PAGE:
In some ways, it was generous of Microsoft to offer the option in the first place. We’ve already explained step-by-step
how to use the Windows 10 rollback feature.
But after a month, the option will disappear along with your old version of Windows, and you’re then stuck with Windows 10. It’s not such a hardship – see our Windows 10 review for why – but if you’re only just discovering incompatibilities, what can you do about going back to Windows 7 or 8?
Here are some options open to you.
How to downgrade Windows 10 after 30 days: a clean install
Once 30 days have elapsed since you upgraded to Windows 10, it will automatically delete your old Windows files (kept in a folder called Windows.old) along with the files in two other important hidden folders: $Windows.~BT and $Windows.~WS.
You can check for these folders by enabling ‘Hidden items’ in the View tab in File Explorer. But even if those folders are present after 30 days, it’s likely the files within them have been removed to prevent them using up a lot of unnecessary disk space. This means you can’t roll back.
One obvious way to get around this is to use your Windows 7 (or 8) disc and activation key. It’s not exactly a simple process since you’ll need to back up everything and then wipe your hard disk and start from scratch. After installing Windows, you’d need to install drivers for your hardware, then all your software, and finally your documents and all the other files and settings you backed up. And, of course, hundreds of Windows updates.
If you have a disc but lost your activation key, you can extract it from Windows 10 by pressing the Windows key and R to bring up the Run box. Then type cmd and press enter. Then copy and paste this code at the command prompt which will have popped up:
wmic path softwarelicensingservice get OA3xOriginalProductKey
Hit Enter and your original product key for the previous version of Windows will be displayed.
How to downgrade Windows 10 after 30 days: Factory restore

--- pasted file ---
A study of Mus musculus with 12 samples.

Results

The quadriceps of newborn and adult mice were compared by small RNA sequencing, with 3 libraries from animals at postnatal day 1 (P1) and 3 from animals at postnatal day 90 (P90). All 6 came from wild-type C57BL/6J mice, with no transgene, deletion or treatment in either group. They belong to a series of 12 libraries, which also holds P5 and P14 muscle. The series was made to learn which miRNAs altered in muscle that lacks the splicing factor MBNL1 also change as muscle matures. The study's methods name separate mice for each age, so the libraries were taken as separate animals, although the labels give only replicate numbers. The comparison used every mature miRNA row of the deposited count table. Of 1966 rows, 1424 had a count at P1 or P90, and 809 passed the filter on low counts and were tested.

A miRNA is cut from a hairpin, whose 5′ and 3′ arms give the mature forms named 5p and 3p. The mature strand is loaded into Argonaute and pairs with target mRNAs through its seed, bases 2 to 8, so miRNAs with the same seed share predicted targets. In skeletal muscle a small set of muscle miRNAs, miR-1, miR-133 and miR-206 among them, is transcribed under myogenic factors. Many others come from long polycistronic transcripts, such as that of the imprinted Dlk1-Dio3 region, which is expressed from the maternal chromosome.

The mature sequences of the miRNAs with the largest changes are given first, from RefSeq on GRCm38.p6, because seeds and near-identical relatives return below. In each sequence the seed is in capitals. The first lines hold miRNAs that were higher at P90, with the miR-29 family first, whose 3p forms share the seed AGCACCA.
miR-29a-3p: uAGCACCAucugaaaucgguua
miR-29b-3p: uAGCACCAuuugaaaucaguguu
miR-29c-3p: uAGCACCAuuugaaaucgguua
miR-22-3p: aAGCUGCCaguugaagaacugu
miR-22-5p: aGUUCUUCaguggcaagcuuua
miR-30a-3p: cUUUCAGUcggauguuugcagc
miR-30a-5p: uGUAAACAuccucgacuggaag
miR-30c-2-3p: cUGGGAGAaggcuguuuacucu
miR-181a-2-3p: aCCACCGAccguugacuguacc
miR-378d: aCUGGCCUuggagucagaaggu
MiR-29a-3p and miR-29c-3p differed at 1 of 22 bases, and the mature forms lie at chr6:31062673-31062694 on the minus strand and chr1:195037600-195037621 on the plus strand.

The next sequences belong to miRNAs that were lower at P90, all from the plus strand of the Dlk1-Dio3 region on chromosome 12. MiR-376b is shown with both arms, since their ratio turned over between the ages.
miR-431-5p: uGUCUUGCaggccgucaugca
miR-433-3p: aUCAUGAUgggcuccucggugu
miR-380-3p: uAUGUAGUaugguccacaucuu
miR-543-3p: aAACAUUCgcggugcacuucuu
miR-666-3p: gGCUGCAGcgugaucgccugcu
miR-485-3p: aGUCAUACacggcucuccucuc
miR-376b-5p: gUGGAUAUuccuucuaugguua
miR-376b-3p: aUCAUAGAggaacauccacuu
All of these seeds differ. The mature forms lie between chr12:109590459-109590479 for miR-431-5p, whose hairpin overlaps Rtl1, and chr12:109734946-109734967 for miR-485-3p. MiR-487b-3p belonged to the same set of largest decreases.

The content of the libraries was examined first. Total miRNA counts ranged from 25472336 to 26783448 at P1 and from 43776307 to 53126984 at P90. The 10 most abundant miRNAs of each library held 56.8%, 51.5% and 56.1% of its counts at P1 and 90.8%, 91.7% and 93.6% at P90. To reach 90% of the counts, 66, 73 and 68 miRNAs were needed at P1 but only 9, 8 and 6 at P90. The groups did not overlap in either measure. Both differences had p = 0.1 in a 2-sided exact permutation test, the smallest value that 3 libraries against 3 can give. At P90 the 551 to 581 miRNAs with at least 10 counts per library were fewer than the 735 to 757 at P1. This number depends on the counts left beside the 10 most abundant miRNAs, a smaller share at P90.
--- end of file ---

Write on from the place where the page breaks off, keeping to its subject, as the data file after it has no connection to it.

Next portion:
Many laptops and PCs have a hidden partition on the hard drive which contains a copy of the original Windows, programs, drivers and settings which were on your PC when it arrived. Upgrading to Windows 10 shouldn’t have affected this, so it should still be intact.
Whether or not you can access it is another matter. Typically you can look out for a message while your computer is starting up, such as “Press F11 for recovery options”. When you press the appropriate key, you should be presented with a menu that will include the option to restore factory settings. For more details, including which keys to press on different laptops, see
How to reset a laptop to factory settings (this applies to some PCs as well).
On some computers, you’ll still have a Windows application which allows you to perform a restore by using the manufacturer’s own method. On an Acer Aspire laptop, for example, we found the Acer Recovery Management app which made it simple to go back to the original version of Windows which came in the box.
Performing a restore will wipe the C: drive, so you will lose all your personal files and settings. So you’ll still have to back these up, and you’ll still have plenty of Windows updates and programs to install after the restore is complete. You shouldn’t have to worry about anything not working, since the drivers will be reinstalled. But any hardware you’ve added will have to have the software or drivers reinstalled, such as a printer.
How to downgrade Windows 10 after 30 days: Third-party backup software
If you’re thinking of upgrading to Windows 10 (or have just done so) and don’t want the 30-day limit, there are two different options.
Hard drive imaging software is nothing new: Acronis, Norton Ghost and similar programs have allowed you to make a complete copy of your hard disk so you can quickly go back in the event of a hard drive failure, or some other disaster. You can use these, or something specific such as
EaseUs System GoBack which is designed to let you roll back to a previous version of Windows.
Naturally, you need to install and use this type of software BEFORE you upgrade.
If you have already upgraded but are within the 30-day rollback window, you can enable hidden items (as described above) and rename the three folders which Windows will try to delete. If it can’t find the folders – because you’ve changed their names – it can’t delete them. We can’t verify this works, but some users have reported that renaming the folders back to their original names after 30 days brings back the rollback option, which you’ll find in Start > Settings > Update and Security > Recovery.